Rebecca Kuku: No end in sight for Port Moresby’s unaffordable rental prices

Port Moresby housing
Fast forward to the year 2000 in Port Moresby and boom! The housing and rental rates in the city hit the roof….No. It went straight for the heavens. Image: My Land, My Country/Two Monkeys Travel Group

COMMENT: By Rebecca Kuku in Port Moresby

For the majority of Papua New Guineans living in the capital of Port Moresby, providing a home for their families is only a dream as housing has become a luxury that only the rich can afford.

Many families are forced to rent out single rooms for between K500 (NZ$200) to K800 (NZ$315) with common shared facilities like bathrooms, toilets and kitchens. Others move to the many settlements scattered around the city where houses can be rented for up to K1500 (NZ$600) fortnightly.

But it wasn’t always like this.

I was born and raised in Port Moresby and back in the 1990s when I was young, we used to live at Henao Drive in Gordons in a two bedroom, two storey house with a bathroom upstairs, a large dining room and living room downstairs.

The backyard was huge. We had a small duck pond and a BBQ place with a basketball court in the back. How did much my father pay fortnightly? Less than K300 ($NZ$118).

Houses, at that time, were being sold for between K10,000 (NZ$4000) and K20,000 (NZ$8000) at the new Rainbow suburb in Port Moresby’s North-East electorate.

Fast forward to the year 2000 and boom! The housing and rental rates in the city hit the roof….No. It went straight for the heavens.

We can only dream
I mean seriously … back in the 1990s we had homes. Today, we can only dream of one day providing a home for our children. It’s a sad reality for thousands in the city where most families can only afford to rent a room.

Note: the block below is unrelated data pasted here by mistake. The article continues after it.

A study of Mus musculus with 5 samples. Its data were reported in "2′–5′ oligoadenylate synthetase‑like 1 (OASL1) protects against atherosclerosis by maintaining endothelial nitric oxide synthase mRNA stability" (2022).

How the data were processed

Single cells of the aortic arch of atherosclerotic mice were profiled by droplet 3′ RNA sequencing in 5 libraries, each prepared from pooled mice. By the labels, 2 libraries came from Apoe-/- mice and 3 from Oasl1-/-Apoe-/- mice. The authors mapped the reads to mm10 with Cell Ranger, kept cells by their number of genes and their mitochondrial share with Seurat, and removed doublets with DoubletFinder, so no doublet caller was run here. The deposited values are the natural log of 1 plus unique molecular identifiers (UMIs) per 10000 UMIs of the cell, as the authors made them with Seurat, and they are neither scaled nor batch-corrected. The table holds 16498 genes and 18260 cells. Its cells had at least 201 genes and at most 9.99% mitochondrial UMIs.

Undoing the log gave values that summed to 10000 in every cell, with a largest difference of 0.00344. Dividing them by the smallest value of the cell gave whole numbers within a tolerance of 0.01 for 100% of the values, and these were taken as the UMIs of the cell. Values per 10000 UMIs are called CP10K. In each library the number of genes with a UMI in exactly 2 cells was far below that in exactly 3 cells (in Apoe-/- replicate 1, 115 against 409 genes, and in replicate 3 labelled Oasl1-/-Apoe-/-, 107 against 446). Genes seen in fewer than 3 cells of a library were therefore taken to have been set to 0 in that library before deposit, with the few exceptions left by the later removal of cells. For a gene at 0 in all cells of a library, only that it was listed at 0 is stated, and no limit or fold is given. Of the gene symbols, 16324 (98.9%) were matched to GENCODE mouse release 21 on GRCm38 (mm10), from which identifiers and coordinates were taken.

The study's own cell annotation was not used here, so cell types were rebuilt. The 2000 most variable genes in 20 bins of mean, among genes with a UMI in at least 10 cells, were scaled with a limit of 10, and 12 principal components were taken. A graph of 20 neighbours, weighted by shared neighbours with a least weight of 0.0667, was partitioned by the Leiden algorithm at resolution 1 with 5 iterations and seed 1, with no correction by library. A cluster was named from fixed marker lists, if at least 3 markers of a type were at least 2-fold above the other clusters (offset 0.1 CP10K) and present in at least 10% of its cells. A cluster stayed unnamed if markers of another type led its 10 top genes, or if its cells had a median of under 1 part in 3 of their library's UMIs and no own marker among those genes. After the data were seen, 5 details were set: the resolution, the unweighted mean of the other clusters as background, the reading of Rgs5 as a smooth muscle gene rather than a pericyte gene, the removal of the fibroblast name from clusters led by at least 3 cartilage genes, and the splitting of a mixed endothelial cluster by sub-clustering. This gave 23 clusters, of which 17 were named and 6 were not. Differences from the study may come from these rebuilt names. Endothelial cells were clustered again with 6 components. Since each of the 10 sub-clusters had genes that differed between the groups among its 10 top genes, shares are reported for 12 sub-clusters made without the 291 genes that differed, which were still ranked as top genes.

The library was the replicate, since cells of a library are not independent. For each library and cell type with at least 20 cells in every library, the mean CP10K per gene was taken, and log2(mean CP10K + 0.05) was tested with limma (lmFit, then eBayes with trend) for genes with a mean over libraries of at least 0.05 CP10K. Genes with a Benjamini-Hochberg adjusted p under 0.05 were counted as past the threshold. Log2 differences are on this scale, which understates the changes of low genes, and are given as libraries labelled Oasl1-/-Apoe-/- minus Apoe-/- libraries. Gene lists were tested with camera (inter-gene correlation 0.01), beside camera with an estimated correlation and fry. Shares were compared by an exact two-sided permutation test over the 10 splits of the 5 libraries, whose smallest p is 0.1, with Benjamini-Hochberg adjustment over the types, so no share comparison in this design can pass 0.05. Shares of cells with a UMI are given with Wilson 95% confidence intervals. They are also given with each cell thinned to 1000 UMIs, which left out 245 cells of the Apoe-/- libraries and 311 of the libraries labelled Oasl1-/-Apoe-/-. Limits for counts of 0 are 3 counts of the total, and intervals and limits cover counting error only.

While many have cried for housing and rental rates to be regulated, the National Capital District Commission (NCDC) and the National Housing Corporation still do not have the powers to do so. Unless laws are passed on the floor of Parliament giving them the powers to do so.

Nothing has been done to address the issue. It makes one wonder if it is it because the people in authority who have the power to make decisions are also property owners. Property owners who make thousands out of the ridiculously high rental rates?

Houses on the rental market are priced at K1200 (NZ$470) to K3000 ($1180) weekly not fortnightly … WEEKLY! Looking at these prices you know right away that the majority of Papua New Guineans who are middle to low income earners won’t be able to afford this.

So, who do these real estate companies and property owners have in mind when they place ads for these prices? Expatriates? CEOs, managers and MPs?

What about the people, the people of this country?

Even the BSP First Home Ownership Scheme did not work out.

A scheme for the wealthy
How can a low to middle income earner afford the 10 percent needed to get that loan to purchase a home?

Again, it was almost as if the scheme was done to benefit only the wealthy.

Property developers have built many houses over the years to complement the First Home Ownership Scheme. But with houses going for K350,000 (NZ$137,000) to K500,000 (NZ$196,000) and the bank requiring a 10 percent down payment…. where are the people supposed to get the K35,000 to K50,000?

It’s high time the issue is addressed. The current government promised to “take back PNG” and they must do that by ensuring that their people’s welfare is taken care of. The housing issue must be addressed.

Laws and policies on real estate and housing must be reviewed, amended, changed to favor of the people.

There are so many aspects to the issue and many studies has been done by various organisations including the National Research Institute, over the years. Yet none of the recommendations have ever been implemented.

So, as the rich continue to live in their glass castles the people continue to suffer – living out of rooms, trying to earn a living and supporting their families.

Rebecca Kuku is an occasional contributor to Asia Pacific Report, a content contributor to The Guardian (Australia) and to the PNG Post-Courier. This article was first published on Scott Waide’s My Land, My Country blog and is republished with permission.

Print Friendly, PDF & Email
VIAAsia Pacific Report
SOURCERebecca Kuku | My Land, My Country
Scott Waide is the Lae bureau chief of EMTV News and began his career with EMTV in 1997 as a news and sports reporter and anchor and has been a media professional for more than 19 years. He has worked as a producer and researcher for the Australian Broadcasting Corporation's Port Moresby Bureau. Scott is also a recipient of multiple awards including the Asia Pacific Broadcasting Union Prize in 2005 in Iran for best news feature.